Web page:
If there is one thing government tax collectors want, it is for every taxpayer to pay his or her fair share under the law. What is considered fair may be something that is in the eye of the beholder, however.
Audits are the tool officials in Washington, St. Paul and Madison all use to explore whether suspicions that taxes have been underpaid or avoided altogether have any merit. Sometimes their conclusions are right. Sometimes they are not. In any event, when the determination leads to a dispute over taxes, the issue should not be ducked. Considering how high the stakes can be, responding to tax liability claims is a must.
Recent action by the U.S. Treasury Department suggests that the stage is being set for a new arena of confrontation. At the center of everything is a legal instrument called the Family Limited Liability Partnership.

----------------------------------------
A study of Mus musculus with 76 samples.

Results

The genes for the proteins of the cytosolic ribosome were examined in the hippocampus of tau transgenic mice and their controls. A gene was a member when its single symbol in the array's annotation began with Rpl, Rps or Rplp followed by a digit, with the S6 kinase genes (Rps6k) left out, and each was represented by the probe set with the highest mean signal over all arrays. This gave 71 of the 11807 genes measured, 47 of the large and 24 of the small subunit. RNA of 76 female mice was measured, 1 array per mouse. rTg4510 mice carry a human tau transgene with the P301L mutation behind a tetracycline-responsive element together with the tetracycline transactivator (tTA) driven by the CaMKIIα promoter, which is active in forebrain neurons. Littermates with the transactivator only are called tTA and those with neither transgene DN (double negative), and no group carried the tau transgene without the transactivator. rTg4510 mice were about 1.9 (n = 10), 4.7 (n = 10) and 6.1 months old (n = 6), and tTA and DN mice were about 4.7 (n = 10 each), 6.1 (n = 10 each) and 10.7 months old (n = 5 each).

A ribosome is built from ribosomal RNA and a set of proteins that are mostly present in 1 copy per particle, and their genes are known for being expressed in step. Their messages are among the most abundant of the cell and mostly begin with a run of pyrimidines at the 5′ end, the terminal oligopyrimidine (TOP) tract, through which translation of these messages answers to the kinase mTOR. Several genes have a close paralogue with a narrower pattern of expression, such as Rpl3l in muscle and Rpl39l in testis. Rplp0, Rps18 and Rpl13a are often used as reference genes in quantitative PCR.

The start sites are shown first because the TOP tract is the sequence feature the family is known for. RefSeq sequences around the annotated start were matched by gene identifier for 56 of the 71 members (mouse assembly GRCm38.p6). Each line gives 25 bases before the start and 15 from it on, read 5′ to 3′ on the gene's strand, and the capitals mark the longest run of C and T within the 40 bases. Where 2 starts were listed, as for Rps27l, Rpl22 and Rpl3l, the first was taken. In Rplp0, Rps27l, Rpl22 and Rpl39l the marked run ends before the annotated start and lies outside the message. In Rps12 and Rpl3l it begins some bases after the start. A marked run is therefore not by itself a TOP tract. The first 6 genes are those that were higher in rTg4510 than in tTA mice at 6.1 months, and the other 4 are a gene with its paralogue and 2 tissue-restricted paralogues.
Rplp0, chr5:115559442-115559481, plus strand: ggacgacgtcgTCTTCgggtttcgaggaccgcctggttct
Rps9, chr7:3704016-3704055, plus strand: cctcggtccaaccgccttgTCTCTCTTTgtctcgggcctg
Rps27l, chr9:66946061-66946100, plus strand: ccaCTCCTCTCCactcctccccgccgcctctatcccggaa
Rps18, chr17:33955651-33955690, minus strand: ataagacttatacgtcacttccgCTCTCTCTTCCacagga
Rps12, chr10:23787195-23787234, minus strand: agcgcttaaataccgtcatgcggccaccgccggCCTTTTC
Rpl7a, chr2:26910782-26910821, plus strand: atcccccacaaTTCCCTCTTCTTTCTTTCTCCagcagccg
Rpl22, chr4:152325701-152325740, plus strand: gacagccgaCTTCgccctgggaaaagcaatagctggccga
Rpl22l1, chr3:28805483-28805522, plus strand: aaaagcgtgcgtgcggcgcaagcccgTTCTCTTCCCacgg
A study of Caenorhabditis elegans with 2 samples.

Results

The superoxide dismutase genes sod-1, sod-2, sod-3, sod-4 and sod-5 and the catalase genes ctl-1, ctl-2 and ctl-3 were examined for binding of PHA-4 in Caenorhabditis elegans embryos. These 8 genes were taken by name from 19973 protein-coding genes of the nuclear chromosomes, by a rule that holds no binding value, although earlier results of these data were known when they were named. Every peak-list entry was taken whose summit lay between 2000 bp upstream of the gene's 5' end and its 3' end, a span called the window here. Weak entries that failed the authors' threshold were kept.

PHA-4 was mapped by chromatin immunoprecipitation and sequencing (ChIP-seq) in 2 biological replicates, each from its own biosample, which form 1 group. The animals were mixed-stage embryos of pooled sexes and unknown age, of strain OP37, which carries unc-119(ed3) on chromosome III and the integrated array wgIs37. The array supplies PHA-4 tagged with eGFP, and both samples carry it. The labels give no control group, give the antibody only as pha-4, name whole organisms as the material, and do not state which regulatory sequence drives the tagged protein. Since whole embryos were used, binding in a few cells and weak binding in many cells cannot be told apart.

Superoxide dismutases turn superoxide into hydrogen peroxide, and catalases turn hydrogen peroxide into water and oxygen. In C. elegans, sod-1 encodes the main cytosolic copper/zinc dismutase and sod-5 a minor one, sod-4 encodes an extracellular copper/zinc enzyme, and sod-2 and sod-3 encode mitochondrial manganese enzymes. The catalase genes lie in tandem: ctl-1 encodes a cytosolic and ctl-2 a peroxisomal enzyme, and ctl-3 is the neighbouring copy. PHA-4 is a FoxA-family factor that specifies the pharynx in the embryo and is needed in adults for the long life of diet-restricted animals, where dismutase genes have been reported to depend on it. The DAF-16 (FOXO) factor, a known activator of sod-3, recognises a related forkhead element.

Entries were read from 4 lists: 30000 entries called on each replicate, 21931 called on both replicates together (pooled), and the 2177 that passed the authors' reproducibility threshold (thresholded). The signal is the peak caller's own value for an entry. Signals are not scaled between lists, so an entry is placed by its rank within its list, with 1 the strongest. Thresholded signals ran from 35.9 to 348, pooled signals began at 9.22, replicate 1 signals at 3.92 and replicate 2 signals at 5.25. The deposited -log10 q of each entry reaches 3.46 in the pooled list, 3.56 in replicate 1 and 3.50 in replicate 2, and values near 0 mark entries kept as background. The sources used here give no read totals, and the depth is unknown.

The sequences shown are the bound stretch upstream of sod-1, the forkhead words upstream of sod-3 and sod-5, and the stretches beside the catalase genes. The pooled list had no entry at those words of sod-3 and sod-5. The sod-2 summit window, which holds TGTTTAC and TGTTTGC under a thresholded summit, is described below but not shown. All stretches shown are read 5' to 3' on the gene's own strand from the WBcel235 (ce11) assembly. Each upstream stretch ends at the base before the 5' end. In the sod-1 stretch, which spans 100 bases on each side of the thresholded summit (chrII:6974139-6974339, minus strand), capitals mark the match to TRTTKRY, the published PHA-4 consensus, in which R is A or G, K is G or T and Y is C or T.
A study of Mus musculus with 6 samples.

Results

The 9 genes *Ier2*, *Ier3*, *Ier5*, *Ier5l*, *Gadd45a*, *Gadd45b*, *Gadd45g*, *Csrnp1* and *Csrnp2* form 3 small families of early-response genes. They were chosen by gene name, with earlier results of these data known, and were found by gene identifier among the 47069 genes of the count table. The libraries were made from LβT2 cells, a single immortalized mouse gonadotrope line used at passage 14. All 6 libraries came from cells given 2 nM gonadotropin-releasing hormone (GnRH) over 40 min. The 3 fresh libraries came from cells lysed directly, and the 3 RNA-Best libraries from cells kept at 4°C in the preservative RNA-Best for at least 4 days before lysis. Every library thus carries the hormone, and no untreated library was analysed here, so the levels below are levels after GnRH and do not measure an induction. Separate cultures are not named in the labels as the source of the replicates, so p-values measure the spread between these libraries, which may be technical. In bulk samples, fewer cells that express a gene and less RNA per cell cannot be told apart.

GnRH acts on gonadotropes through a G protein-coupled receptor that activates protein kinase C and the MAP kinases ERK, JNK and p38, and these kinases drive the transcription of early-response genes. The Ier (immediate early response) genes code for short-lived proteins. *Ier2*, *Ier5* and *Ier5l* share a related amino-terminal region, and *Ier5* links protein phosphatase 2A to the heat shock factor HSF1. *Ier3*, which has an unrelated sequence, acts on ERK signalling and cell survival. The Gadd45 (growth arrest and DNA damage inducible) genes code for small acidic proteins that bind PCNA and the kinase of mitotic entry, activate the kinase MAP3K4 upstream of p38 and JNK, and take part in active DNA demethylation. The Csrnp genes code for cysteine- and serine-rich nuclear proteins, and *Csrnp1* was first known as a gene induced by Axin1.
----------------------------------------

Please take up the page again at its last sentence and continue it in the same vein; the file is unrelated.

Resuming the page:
This is an estate planning tool that family members who may be involved in a closely held business have used for years as a way to transfer assets within the family and lower any eventual estate tax liability. The problem, according to the Treasury Department, is that too many wealthy families have used provisions of this tool to undervalue their assets. As a result, officials claim they have not paid their fair share. That would change in the coming year under the recently proposed change of rules.
Right now, if a member in an FLLP holds shares but has no direct control of the business entity, say through voting rights or a right to sell shares, they can discount the value of the shares they hold. Under the proposed rule change, that would end.
It's unclear when the new rules will be finalized or what they will actually look like, but it seems safe to say that tax collectors will be ready to enforce them when they do take effect. Individuals who might face significant tax liability would do well to be prepared.